Are civilian federal employees receiving enough protections from the deadly virus?
President Obama on Wednesday praised federal employees returning from West Africa who helped fight the Ebola outbreak in the region, saying at a White House ceremony he was proud of their efforts.
Following the ceremony, however, a union representing federal workers called for better protections for civilian employees deployed to Ebola-ridden countries, including quarantines upon their return. The American Federation of Government Employees asked the Defense Department to issue guidance specific to civilians fighting the outbreak.
Non-Defense civilians and health care workers flanked Obama during the speech, as the president thanked them for their service. Obama also highlighted several federal employees still in the field, including Katie Curran, a Centers for Disease Control and Prevention employee who led a “disease detective team” to a village in Sierra Leone so remote it was only reachable via canoe. Curran is currently on her way back to the United States.
He noted Capt. Calvin Edwards, who works for the Food and Drug Administration in Harrisburg, Pa., and was sent to Monrovia, Liberia, where he is currently leading a team of Public Health Service officers. Dan Chertow, who was at the White House, took a leave of absence from his position at the National Institutes of Health to volunteer with Doctors Without Borders in Liberia.
“I know that with all the headlines and all the news, that people are scared,” Obama said. “I know that Ebola has concerned them. But the reason I’m so proud of this country is because when there are times where we need to step up and do the right thing, we do the right thing. That’s who we are. That’s what we do.”
He added: “No other nation is doing as much to help in West Africa as the United States of America.”
AFGE, however, focused on what is being done for federal employees involved in efforts to contain the disease. J. David Cox, the union’s national president, noted new protocols require military members returning from West Africa to undergo a 21-day “controlled monitoring regimen,” but the protocols do not apply to civilians.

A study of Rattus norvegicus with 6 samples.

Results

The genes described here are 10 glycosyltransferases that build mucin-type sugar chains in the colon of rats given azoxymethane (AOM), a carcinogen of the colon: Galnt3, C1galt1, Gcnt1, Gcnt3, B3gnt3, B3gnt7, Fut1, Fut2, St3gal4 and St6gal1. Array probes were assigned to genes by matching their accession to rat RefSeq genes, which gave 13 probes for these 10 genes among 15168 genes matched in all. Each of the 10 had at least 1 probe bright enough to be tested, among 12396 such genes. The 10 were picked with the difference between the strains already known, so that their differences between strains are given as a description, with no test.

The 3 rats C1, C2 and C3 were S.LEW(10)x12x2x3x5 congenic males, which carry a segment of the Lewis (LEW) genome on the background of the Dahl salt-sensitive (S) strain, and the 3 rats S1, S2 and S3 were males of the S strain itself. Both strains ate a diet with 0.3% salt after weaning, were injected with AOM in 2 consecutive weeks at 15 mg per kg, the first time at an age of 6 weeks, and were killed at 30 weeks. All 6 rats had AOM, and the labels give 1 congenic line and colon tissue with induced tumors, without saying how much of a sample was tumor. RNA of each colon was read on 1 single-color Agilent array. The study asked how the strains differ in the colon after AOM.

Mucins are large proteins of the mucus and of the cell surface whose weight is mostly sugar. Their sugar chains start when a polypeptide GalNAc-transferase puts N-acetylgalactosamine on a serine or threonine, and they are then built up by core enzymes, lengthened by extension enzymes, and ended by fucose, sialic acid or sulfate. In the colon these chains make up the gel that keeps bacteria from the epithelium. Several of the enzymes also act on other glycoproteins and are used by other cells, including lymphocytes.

He also lamented that service members participating in Operation United Assistance are receiving bonus pay for their efforts, but Defense has not authorized hazard pay for civilians. Federal employees deployed to Liberia, Sierra Leone and Guinea would earn an extra 35 percent of their basic pay only after serving in the region for 42 days. While that hardship differential is a governmentwide figure determined by the State department -- and is the largest such bonus allowable under federal law -- additional hazard pay can be awarded at the discretion of an employee’s agency.
“DoD is treating civilian employees as second-class citizens when it comes to protecting their health and compensating them for working in extreme environments,” Cox said. “If it’s the right thing to go the extra mile to protect the health and safety of the American public when it comes to returning troops, then it is also the right thing for the civilians who are working right beside them.”
He added civilian employees in West Africa “work side by side” with the military, and should be subject to the same protections. He called for civilians to receive 21 days of administrative leave while in either self-isolation and monitoring or quarantine upon their return from the region.